Dr Maria Grasso's Research Featured in The Economist

Dr Maria Grasso's research on Europeans' perceptions of their relative living standards has featured in The Economist

The Economist has recently featured the research of Sheffield academic Dr Maria Grasso.

Dr Grasso is the Principal Investigator for "Individual Responses to Crisis", a 'work-package' of the research project LIVEWHAT "Living with Hard Times: How Citizens React to Economic Crises and their Social and Political Consequences". LIVEWHAT, funded by the European Commission, is a collaborative research project with research teams from 9 European countries and is coordinated by Marco Giugni at the University of Geneva.

Dr Grasso's research analyses how individual people respond to economic crisis. To this end, Dr Grasso directed a cross-national survey with 18,000 participants across the nine European countries the project considers - France, Germany, Greece, Italy, Poland, Spain, Sweden, Switzerland, and the UK. She analysed the data and wrote the comparative report on perceptions of crisis across the countries of the project (see: D4.2. ‘Integrated report on individual responses to crises’).

The Economist reported on her findings, remarking on the "odd perceptions" that European citizens hold about the quality of life in neighbouring countries.

Dr Grasso said:

"We are delighted that our report which has just come out this month is already generating impact and being picked up by major publications such as The Economist. As we complete our data collection and analyse the data to write reports, peer-reviewed publications and other outputs, we are certain that LIVEWHAT will continue to generate many more relevant new insights for advancing inter-disciplinary knowledge on the way in which European citizens have responded to the economic crisis."

Other reseachers on Dr Grasso's team at the Department of Politics include: Luke Temple (Research Associate), Barbara Buraczynska (PhD Researcher), Sotirios Karampampas (PhD Researcher) as well as Patrick English (PhD Researcher at the University of Manchester).

Project information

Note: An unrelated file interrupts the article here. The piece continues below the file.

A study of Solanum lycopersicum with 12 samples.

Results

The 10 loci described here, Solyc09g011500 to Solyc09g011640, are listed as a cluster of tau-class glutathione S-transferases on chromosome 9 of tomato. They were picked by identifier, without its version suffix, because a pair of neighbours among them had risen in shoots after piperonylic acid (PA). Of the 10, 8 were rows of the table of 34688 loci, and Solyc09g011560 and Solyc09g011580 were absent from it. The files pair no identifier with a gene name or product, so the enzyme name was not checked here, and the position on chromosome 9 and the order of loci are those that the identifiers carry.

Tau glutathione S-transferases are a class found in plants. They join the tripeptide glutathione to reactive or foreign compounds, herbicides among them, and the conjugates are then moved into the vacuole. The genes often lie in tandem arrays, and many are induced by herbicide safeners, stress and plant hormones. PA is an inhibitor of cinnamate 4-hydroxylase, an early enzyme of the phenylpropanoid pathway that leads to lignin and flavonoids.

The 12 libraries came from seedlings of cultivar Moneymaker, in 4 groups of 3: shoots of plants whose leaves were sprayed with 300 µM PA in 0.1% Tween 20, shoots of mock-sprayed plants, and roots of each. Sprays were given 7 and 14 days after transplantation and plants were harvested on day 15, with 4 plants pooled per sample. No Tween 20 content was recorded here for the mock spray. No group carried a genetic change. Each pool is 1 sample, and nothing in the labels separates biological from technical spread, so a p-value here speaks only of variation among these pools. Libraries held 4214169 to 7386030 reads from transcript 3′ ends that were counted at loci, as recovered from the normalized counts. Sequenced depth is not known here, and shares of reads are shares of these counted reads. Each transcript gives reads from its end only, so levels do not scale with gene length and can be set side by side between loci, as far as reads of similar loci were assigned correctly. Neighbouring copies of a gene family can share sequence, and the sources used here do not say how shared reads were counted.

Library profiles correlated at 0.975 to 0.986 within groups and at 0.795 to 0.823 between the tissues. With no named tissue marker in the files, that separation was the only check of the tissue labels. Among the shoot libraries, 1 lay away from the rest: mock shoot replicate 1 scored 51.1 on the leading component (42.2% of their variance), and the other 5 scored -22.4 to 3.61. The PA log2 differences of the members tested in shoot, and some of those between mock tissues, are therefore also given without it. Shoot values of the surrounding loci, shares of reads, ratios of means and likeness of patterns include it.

Title of Research: Living with Hard Times: How European Citizens Deal with Economic Crises and Their Social and Political Consequences (LIVEWHAT)
Awarding Body: European Commission Seventh Framework Programme (FP7) on Citizens’ Resilience in Times of Crisis
People Involved: Maria Grasso and partners from other European institutions in a consortium led by Marco Giugni (University of Geneva)
Amount: €220,700 Dr. Grasso (€2,499,366 for the whole consortium)
Duration: 36 months from 1 December, 2013.

The proposed research deals with citizens’ reactions to economic crises and their social and political consequences. It examines in particular the ways in which European citizens have reacted to the crisis that, at different degree of intensity in different countries, struck Europe since 2008, but also how they deal with economic crises and their consequences more generally. We examine both individual and collective responses by citizens, both the “private” and the “public” dimensions of such responses, and both political and non-political responses. In addition, while the focus of the research is on citizens’ responses, we also examine policy responses so as to have a baseline for assessing citizens’ reactions to crises. The project has three main objectives: (1) to provide systematic evidence of the ways in which European citizens react to economic crises and their social and political consequences, both individually and collectively; (2) to advance knowledge on the connections between individual factors, contextual factors, and the ways in which European citizens react to economic crises and their social and political consequences; and (3) to suggest a number of good practices as to how to deal with economic crises, both at the social and political level, through which their negative consequences on European citizens can be avoided or limited. The project’s objectives are addressed by means of six main types of data and methods: (1) the creation of a cross-national comparative dataset on economic, social, and political indicators; (2) an analysis of policy responses to crises; (3) an analysis of collective responses to crises in the public domain; (4) an analysis of individual responses to crises by private citizens; (5) experiments designed to assess causal effects of different dimensions of crises on citizens’ attitudes and behaviors; and (6) an analysis of alternative forms of resilience in times of crisis.